Coronavirus fuels cybersex trafficking fears for children in Southeast Asia
Residents walk along a street as a police vehicle patrols the streets of Tondo, Manila, Philippines on July 2, 2018. (REUTERS File Photo)
BANGKOK/PHNOM PENH, March 26 (Thomson Reuters Foundation): Cybersex traffickers are likely to exploit the coronavirus pandemic to target more children across Southeast Asia for online sexual abuse, child rights activists said on Thursday.
The global spread of cheap, high-speed internet and the rise in mobile phone ownership has fuelled cybersex trafficking in recent years, with children from Thailand to the Philippines being exploited over livestreams for paying clients worldwide.
At least 165 countries have shut schools due to the COVID-19 outbreak, impacting more than 1.5 billion children who will have more time to spend online, leaving them prey to sexual predators, said the United Nations children's agency (UNICEF).
UNICEF estimates 1.8 million children are sex trafficked every year - but this does not include cybersex trafficking.
"Spending more time online may heighten the risk of grooming, predators trying to meet children and an increase of self-generated images, as well as cyberbullying," Rachel Harvey, an advisor for UNICEF, told the Thomson Reuters Foundation.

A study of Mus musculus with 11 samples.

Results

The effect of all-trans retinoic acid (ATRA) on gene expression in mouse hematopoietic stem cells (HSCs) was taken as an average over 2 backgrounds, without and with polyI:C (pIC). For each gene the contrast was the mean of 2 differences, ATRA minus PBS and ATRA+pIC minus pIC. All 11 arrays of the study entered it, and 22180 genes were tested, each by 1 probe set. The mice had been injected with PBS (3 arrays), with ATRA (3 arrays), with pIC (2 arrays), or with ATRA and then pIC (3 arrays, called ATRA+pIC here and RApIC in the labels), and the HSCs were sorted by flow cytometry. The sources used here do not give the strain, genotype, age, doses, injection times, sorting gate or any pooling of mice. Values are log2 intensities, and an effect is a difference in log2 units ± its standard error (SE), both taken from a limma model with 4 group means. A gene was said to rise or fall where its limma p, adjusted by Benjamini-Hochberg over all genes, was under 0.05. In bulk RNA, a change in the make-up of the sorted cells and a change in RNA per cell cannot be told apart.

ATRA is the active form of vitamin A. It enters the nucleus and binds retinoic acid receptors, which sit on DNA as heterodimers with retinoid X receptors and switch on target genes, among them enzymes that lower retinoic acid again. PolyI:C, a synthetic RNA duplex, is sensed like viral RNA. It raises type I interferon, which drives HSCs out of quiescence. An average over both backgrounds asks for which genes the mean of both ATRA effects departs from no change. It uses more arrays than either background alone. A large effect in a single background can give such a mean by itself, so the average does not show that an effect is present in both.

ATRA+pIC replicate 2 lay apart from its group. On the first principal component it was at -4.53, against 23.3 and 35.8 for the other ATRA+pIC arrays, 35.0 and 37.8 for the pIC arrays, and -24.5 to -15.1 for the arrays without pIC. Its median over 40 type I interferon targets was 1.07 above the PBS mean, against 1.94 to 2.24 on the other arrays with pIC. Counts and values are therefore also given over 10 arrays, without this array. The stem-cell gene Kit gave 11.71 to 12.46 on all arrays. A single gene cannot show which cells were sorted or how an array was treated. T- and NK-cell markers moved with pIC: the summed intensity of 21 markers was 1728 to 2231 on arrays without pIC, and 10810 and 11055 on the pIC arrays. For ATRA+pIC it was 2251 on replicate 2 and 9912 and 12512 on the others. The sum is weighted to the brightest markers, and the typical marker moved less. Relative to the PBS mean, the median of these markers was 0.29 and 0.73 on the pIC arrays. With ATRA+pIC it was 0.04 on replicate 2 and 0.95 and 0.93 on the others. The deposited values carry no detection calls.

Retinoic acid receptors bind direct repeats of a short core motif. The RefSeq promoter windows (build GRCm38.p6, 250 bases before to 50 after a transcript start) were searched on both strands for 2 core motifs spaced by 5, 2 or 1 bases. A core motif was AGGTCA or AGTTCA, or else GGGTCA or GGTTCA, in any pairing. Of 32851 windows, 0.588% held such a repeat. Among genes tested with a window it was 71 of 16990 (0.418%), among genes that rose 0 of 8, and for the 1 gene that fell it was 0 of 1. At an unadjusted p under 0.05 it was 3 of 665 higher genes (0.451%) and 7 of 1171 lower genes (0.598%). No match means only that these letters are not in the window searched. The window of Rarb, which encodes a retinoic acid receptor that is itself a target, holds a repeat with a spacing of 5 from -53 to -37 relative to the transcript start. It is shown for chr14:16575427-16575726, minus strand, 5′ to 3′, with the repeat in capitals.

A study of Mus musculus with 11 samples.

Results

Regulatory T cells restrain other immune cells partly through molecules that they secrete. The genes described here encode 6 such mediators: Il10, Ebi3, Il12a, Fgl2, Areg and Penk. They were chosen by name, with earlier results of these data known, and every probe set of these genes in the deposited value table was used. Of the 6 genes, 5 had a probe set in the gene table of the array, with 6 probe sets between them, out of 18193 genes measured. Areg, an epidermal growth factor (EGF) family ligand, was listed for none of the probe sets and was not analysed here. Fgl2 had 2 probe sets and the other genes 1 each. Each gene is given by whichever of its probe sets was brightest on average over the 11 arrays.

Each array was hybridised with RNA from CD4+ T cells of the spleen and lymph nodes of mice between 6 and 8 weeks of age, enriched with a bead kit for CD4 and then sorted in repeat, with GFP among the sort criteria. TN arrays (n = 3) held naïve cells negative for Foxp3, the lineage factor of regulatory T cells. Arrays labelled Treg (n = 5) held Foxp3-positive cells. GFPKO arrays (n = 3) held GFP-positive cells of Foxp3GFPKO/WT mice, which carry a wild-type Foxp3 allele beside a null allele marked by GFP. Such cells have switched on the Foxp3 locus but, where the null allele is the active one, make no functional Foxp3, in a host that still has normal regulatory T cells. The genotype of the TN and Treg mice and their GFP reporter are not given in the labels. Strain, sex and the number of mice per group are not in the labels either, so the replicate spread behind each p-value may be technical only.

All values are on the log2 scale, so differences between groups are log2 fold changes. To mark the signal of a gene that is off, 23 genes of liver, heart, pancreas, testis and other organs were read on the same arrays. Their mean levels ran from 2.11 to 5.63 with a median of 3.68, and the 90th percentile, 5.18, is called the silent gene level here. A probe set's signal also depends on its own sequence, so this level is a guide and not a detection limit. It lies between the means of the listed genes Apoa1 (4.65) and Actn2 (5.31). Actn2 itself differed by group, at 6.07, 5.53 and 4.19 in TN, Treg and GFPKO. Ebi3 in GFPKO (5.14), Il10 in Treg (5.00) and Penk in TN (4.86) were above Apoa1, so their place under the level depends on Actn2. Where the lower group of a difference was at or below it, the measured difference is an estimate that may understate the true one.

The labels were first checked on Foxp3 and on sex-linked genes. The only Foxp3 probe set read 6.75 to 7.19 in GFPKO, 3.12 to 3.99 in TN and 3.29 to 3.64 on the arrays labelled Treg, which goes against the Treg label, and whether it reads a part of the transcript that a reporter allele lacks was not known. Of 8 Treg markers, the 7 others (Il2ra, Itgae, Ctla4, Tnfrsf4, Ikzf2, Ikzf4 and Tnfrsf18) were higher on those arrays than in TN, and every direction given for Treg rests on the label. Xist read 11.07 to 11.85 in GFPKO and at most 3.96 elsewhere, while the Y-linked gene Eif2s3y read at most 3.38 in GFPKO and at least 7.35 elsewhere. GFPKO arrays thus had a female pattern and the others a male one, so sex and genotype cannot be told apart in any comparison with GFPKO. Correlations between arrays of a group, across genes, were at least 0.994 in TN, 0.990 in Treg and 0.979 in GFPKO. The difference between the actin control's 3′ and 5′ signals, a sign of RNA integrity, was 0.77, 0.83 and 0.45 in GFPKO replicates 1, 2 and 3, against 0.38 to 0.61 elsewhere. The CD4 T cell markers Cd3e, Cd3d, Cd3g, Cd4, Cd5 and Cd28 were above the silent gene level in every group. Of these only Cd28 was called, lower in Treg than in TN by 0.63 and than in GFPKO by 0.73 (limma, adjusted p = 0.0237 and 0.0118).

The U.S. Federal Bureau of Investigation (FBI) - which has trained authorities in Cambodia and the Philippines to tackle cybersex trafficking - this week issued a statement warning about the increased risk of online abuse due to school closures.
In the Philippines - considered to be the epicentre of the live-stream sex abuse trade - activists are concerned about a spike in exploitation as many children are abused at home by their own relatives, who can earn up to $100 per broadcast.
"Because people are locked down, possibilities (for online sex exploitation) are high," said Evelyn Pingul, communications director for International Justice Mission (IJM) Philippines.
"Criminal minds can take advantage of the situation," she said, urging communities to be vigilant against such abuse.
In Thailand, the Internet Crimes Against Children police-led taskforce said it had been receiving reports of online sex abuse on a daily basis, with victims as young as eight years old.
The taskforce last year said Thai cybersex traffickers were targeting teenage boys from wealthy families, often posing as girls before persuading them to film themselves masturbating.
Campaigners in neighbouring Cambodia said they had seen a rise in online sex abuse since schools there closed last week.
"Child sex offenders online are taking advantage of this situation to get in touch with, groom and lure children to sexual activities," said Samleang Seila, director of the child protection charity Action Pour Le Enfants (APLE).